Can my boss refuse to give me a raise?
Yes. The Employment Standards Code does not say anything about raises. You are not automatically entitled at law to any kind of raise.
If your employer has a policy on raises and your employer is not following this policy, you will have to deal directly with your employer about this issue.
Can my boss refuse to pay me for attending training?
Your boss must pay you for any training that provides a service. For example, your employer must pay you if you shadow another cashier for your first few days at a grocery store.
If the training was just learning, then your employer does not have to pay you for that time. For example, your employer does not have to pay you if you watch a video in a classroom.
Can my boss take money off my pay cheque?
Yes. But only for certain things.
An employer can legally deduct the following from an employee’s wages:
- statutory deductions (income taxes, Canada Pension Plan deductions, Employment Insurance premiums)
- money owing by law or under a judgment or court order (for example, if someone garnishes your account to pay back a debt you owe)
- amounts allowed under a collective agreement (such as union dues)
- overpayment of earnings paid due to a payroll calculation error (only within 6 months of the overpayment)
- vacation pay paid in advance of you being entitled to it
- amounts for food and lodging if you agree to it (the minimum wage can be reduced by $3.35 for every meal consumed and by $4.41 for lodging per day)
- any other amount you have agreed to in writing (with some exceptions)
If an employer is deducting money to recover an overpayment of earnings due to a payroll calculation error or vacation paid in advance of you being entitled to it, they must give you written notice before making the deduction.
An employer cannot deduct the following (even if it is in a collective agreement or you have agreed to it in writing):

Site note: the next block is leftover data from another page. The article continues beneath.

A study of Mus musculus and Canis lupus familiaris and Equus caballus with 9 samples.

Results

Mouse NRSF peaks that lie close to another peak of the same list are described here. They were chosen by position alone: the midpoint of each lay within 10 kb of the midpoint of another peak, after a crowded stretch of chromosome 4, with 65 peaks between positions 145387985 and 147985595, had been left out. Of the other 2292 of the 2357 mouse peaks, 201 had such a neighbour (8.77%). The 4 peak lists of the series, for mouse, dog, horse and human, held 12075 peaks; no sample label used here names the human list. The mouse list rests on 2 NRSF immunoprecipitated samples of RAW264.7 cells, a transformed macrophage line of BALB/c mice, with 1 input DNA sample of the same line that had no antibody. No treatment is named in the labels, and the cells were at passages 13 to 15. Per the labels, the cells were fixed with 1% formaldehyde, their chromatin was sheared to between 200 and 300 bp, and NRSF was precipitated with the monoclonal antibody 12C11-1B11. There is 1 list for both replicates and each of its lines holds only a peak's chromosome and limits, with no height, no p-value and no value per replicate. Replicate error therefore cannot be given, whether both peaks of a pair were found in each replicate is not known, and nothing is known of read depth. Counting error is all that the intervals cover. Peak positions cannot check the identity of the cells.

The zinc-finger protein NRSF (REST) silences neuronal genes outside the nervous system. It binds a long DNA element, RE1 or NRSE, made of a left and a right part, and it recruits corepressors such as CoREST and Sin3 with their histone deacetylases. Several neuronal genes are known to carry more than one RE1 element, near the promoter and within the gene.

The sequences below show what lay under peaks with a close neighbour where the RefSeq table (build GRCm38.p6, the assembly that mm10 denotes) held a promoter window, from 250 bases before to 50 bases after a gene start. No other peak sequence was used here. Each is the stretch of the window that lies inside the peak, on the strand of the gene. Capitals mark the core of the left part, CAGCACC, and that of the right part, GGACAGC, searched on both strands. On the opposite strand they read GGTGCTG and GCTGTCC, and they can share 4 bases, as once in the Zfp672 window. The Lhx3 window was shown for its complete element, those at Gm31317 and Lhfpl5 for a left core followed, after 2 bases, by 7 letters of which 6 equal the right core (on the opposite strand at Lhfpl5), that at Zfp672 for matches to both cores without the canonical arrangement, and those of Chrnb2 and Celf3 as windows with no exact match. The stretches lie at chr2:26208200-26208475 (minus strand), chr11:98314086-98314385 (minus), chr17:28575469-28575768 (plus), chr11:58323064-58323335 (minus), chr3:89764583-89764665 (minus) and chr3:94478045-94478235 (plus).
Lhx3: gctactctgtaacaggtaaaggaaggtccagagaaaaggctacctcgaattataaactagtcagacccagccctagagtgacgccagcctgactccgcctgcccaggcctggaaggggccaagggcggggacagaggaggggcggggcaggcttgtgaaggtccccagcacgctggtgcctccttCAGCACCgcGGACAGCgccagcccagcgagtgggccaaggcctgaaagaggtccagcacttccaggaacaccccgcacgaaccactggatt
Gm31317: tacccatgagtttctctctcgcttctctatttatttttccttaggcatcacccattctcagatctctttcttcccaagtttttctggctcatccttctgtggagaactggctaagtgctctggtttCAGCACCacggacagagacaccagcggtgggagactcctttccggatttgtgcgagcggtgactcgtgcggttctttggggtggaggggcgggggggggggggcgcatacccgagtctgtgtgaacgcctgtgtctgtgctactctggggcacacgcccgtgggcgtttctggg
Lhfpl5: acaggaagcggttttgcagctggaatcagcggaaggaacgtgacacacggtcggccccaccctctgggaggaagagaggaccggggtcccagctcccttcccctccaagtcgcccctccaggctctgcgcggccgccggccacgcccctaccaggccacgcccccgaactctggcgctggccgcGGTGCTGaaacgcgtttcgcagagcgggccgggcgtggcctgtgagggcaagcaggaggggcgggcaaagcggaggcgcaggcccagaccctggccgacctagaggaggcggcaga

- money for your faulty work
- cash shortages or property loss if someone other than you had access to the cash or property (for example, if you share a till with other people at work, you alone cannot be held liable if the till is short cash)
- cash shortages from you not collecting all or part of the purchase price from a customer
- any amount to purchase, use, repair or clean any uniforms or other special clothing that you are required to wear at work
- Workers’ Compensation Board premiums
Can my boss make me pay for uniforms or uniform cleaning?
No. Your employer cannot deduct from your wage or make you pay for a company uniform, its repair or cleaning. They can, however, ask you to wear all black, for example.
Can my boss refuse to give me benefits?
Yes. You are not entitled to employee benefits.
Many employers offer benefits as an “extra” for their employees. You may have to work a certain amount of time (for example, three months) before you qualify for your employer’s benefit program.
Can my boss pay me less than minimum wage if I agree to it?
No. Employers are not allowed to pay employees less than the minimum wage, even if you agree to it.
However, there are some employees in certain jobs to whom the minimum wage rules do not apply. For example, employees not covered in the Employment Standards Code, real estate brokers, students in certain work experience programs, and articling students.
For more information on who the minimum wage rules do not apply to, see CPLEA’s FAQs on Pay.
Last updated: November 2020
All of the materials on this page were funded by the Alberta Human Rights Education and Multiculturalism Fund (HREMF). This project was a result of a research project funded by HREMF. The research report is available here.